It now seems like a lifetime ago but as soon as our children were eligible (two sons and one daughter), my husband and I signed them up in North Whittier’s Keenan-Avocado Heights Little League.
The most memorable season to me was when Ray managed the Pirates, the team that our son, Steve, was on. Two of the players were somewhat physically challenged in that one wore an appliance on his foot and the other wore a brace on his calf. Each of the two always struck out or walked to first base and then couldn’t run fast enough to make it to second base.
But Ray wasn’t in-it to win-it. He was in it so that every boy who signed up could play ball. This taught them the sportsmanship aspect of the game, camaraderie, loyalty, timeliness, and the importance of getting to practice. And, just as important, so that parents who paid and showed up for the games could see their sons in action.
The bases could be loaded with a possible homerun in sight, but under no circumstances did Ray ever change the lineup. If you were on deck, you were next, and that was that. There was no “warming the bench” or substituting a batter for a “pinch hitter” at a crucial time in the game, and that’s the way the “ball bounced.” And that, in my opinion, should be the very premise or foundation of all youth sports leagues.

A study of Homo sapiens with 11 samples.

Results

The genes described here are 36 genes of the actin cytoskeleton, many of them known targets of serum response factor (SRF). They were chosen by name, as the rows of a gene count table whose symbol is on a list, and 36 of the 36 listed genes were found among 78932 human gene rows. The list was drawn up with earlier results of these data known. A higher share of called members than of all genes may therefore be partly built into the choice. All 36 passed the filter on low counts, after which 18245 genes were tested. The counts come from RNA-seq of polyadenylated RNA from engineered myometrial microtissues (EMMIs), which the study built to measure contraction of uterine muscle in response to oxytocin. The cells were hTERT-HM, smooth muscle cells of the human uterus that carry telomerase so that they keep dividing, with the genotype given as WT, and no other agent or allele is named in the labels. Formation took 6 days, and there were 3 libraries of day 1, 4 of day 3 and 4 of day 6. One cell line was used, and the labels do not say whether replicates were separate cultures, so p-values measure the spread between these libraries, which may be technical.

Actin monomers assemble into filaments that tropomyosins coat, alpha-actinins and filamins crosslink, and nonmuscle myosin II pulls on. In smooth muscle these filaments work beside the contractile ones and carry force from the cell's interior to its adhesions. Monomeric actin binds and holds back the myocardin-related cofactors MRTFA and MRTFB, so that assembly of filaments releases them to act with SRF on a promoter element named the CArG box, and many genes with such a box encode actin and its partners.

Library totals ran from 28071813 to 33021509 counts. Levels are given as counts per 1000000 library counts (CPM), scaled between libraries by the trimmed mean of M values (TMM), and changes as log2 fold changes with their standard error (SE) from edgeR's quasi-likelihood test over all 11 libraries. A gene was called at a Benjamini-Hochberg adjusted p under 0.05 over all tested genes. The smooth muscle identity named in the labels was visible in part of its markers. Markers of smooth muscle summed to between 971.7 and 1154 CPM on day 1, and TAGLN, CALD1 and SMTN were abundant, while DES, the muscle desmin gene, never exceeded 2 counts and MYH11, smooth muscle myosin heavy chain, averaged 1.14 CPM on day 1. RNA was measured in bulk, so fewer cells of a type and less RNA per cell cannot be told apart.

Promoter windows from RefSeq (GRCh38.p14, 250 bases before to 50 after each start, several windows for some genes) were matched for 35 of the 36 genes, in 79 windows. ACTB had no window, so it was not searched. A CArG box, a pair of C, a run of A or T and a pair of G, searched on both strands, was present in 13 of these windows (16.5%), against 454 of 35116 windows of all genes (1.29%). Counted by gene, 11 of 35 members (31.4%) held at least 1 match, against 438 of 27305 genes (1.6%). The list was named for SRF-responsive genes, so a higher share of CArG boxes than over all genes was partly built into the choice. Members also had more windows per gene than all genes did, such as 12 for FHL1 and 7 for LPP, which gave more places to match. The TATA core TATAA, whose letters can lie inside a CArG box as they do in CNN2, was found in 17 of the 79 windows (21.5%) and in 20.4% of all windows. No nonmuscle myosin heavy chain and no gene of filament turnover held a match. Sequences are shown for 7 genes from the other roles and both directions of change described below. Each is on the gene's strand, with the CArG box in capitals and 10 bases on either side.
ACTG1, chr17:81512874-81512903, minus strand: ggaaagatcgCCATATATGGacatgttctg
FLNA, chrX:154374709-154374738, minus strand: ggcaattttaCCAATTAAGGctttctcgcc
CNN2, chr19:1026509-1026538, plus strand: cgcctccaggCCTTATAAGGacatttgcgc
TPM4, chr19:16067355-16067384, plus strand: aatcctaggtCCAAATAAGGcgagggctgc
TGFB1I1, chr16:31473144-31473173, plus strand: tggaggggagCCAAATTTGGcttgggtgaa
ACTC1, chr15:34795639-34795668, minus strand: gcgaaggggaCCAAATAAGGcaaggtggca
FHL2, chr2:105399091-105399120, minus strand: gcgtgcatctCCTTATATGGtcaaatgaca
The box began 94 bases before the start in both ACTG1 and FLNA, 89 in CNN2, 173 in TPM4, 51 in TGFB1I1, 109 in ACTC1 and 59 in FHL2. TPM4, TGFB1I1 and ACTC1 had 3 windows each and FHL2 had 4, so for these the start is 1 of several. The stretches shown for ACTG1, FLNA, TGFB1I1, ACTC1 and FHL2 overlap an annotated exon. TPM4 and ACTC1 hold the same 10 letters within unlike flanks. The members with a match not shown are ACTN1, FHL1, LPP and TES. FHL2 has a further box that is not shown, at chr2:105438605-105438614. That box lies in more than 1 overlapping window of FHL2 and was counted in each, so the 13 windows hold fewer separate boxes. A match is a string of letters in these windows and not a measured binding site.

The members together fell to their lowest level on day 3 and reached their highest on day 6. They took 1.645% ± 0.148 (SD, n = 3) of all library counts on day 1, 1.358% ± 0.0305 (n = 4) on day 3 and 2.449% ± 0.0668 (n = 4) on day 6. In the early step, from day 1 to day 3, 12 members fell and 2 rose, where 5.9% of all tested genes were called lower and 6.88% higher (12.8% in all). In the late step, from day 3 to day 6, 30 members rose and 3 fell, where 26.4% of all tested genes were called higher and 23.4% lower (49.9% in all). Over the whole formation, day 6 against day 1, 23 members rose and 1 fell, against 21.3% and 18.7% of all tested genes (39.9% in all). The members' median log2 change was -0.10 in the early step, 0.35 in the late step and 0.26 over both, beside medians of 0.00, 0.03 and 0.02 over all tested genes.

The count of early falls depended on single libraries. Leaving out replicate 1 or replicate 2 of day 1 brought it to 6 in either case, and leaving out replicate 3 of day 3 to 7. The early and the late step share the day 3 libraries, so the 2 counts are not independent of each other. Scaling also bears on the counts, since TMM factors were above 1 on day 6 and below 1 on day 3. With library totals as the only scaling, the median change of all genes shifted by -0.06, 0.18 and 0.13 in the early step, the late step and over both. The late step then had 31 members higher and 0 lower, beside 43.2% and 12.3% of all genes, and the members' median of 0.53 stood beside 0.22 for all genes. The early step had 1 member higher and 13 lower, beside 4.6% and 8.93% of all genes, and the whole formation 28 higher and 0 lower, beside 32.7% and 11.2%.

Of course, there was the usual gossip and murmurs from the disgruntled, super competitive parents to whom winning meant everything. On the other hand, there were those grateful parents whose sons played the entire game…win or lose.
This is not meant to diminish the joy, thrill, or sense of pride in winning…there is that; however, I feel that the qualities Ray tried to instill in his team far outweighed always being on the winning team.
And at season’s end what a surprise we had in store! Ray and his team, The Pirates, were the real winners when he was awarded the much-deserved Manager of the Year plaque presented by the league! Our entire family, the team members and their families were so proud of him on that unforgettable, most pleasant Little League day.
The following, to me, is the most befitting quote from a famous sports figure, manager or coach and it is further proof that, (and I’m paraphrasing now) “It’s not whether you win or lose, but how you play the game.”
Sharon Benson Smith is a member of the writing class offered through the Cerritos College Adult Education Program. It is held off-campus at the Norwalk Senior Center.